Obama Administration, House Dems Push To Prevent Student Loan Rate Hike

New Push To Keep Student Loan Rates From Doubling

A Congressman who successfully rallied Democrats in a government shutdown fight last summer hopes he can drum up support once more as he attempts to stop federal student loan interest rates from doubling in July.

Rep. Gary Peters (D-Mich.) is working with Rep. Joe Courtney (D-Conn.) on bill H.R. 3826 to keep the interest rate for federal Direct Stafford Loans at 3.4 percent. If the bill fails to pass, student loan interest rates will jump to 6.8 percent on July 1, when the 2007 law that caps interest at its current rate expires.

In a letter circulated around Capitol Hill this week and obtained by The Huffington Post, Peters and Courtney make their case for H.R. 3826. They write:

"When Treasury bonds are being sold at 2 percent and mortgage rates can be had for less than 4 percent, it is outrageous to make college students pay two to three times the going interest rate. As parents and grandparents, it is unconscionable that we would even consider putting this burden on our children. As America faces an incredibly competitive global economy, it makes no sense for Congress to shortchange investing in the college education necessary to ensure that the United States will continue to have the most highly educated workforce in the world."

Peters gathered support in a similar fashion last summer when he sought to prevent cuts to an auto industry loan program in a government spending fight.

Peters and Courtney aren't the only ones pushing to cap student loan interest rates. It appears the Obama Administration has their back as well.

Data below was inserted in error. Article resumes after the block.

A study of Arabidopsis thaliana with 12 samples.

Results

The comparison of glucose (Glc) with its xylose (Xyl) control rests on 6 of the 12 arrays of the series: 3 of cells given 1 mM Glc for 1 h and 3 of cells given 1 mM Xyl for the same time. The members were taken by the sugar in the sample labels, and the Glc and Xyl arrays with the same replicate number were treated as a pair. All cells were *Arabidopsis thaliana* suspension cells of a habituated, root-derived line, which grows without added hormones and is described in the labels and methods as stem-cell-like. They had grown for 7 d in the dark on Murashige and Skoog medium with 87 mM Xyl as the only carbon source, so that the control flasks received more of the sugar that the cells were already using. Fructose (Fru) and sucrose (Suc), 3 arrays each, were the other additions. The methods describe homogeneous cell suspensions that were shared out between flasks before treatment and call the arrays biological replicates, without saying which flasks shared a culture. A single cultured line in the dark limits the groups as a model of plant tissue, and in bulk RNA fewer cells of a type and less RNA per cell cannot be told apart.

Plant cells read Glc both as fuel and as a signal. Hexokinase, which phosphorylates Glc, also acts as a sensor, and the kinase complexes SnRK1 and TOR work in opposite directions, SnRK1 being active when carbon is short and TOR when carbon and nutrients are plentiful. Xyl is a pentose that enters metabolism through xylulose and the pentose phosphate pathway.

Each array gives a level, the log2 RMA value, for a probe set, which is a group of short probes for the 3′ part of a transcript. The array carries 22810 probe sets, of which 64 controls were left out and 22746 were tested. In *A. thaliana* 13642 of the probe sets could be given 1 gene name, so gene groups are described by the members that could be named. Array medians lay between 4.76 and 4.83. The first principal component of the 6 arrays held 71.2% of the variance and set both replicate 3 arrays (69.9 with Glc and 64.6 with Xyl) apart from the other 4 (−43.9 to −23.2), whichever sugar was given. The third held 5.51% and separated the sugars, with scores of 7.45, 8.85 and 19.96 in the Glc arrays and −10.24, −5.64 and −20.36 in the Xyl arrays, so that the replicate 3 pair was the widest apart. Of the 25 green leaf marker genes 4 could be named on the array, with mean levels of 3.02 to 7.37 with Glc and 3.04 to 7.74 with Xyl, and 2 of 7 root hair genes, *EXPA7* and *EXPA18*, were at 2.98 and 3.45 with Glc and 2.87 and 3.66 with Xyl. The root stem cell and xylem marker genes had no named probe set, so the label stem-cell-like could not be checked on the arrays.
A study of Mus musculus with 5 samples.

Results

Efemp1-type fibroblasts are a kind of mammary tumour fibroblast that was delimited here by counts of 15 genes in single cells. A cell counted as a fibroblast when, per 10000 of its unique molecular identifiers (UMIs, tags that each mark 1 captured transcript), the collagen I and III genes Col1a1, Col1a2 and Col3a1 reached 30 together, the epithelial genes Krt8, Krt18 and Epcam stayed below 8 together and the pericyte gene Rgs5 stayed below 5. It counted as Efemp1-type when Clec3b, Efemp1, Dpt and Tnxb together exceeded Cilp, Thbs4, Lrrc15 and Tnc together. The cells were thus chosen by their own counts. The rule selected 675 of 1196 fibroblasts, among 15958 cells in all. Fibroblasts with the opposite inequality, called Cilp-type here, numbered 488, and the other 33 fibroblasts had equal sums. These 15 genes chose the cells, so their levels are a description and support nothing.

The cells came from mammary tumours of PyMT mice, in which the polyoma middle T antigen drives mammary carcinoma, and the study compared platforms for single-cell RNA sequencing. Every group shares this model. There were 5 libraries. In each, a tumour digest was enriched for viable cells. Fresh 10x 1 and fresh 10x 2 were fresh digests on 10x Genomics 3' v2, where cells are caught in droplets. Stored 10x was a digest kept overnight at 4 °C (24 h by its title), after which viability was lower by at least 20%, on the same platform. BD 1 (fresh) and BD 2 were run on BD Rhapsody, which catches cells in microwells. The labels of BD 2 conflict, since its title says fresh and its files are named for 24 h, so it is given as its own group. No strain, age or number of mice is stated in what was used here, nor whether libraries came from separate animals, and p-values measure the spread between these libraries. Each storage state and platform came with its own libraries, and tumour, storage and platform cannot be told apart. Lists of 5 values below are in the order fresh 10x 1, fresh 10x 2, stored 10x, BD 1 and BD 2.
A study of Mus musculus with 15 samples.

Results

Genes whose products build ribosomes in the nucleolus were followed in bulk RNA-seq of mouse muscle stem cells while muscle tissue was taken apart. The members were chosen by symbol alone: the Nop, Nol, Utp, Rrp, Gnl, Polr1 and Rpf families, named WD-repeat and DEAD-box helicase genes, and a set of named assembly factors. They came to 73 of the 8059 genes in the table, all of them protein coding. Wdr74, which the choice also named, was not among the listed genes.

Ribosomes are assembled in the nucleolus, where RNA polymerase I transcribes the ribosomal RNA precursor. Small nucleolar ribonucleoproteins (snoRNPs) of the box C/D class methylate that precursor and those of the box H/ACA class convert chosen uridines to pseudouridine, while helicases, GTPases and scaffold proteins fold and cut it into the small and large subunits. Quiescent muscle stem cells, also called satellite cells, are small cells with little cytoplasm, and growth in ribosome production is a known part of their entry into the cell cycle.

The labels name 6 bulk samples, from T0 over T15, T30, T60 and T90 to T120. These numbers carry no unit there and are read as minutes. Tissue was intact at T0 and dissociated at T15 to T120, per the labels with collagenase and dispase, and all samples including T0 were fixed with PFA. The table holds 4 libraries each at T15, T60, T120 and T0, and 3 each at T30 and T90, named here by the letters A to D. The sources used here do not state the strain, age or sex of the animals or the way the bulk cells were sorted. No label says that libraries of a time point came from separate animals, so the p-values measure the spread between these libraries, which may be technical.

The New York Times reports the White House will encourage Congress to pass the legislation keeping federal student loan interest rates down. President Obama is expected to speak about the issue during his weekly address on Saturday, and will also raise support in visits to the University of North Carolina at Chapel Hill, the University of Colorado at Boulder and at the University of Iowa next week. Advocates should also keep a lookout for the administration's social media campaign on the issue by searching for and using the hashtag #DontDoubleMyRate.

The 2007 law capping student interest rates was passed with 77 Republicans voting in favor of it. Now, Rep. John Kline (R-Minn.), chair of the House education committee, has expressed opposition. Kline referred to the discounted interest rate earlier this year as a "ticking time bomb set by Democrats."

Kline's office issued a statement Friday morning clarifying his stance:

“Bad policy based on lofty campaign promises has put us in an untenable situation. We must now choose between allowing interest rates to rise or piling billions of dollars on the backs of taxpayers. I have serious concerns about any proposal that simply kicks the can down the road and creates more uncertainty in the long run –- which is what put us in this situation in the first place."

Kline said Democrats haven't offered meaningful solutions to fund their proposal. He cited the Congressional Budget Office's statement that extending the 3.4 percent interest rate on subsidized Stafford Loans made to undergraduate students for one year would cost taxpayers roughly $6 billion.

In March, 130,000 college students sent letters to lawmakers asking them to act to keep Stafford loan interest rates down.

What else has been proposed in Congress to deal with student debt and financial aid? Check it out in the slideshow below.


Ryan Budget Whacks Pell Grants, Makes Federal Student Loans More Expensive

What Was Congress Doing About Student Loans And College In 2012?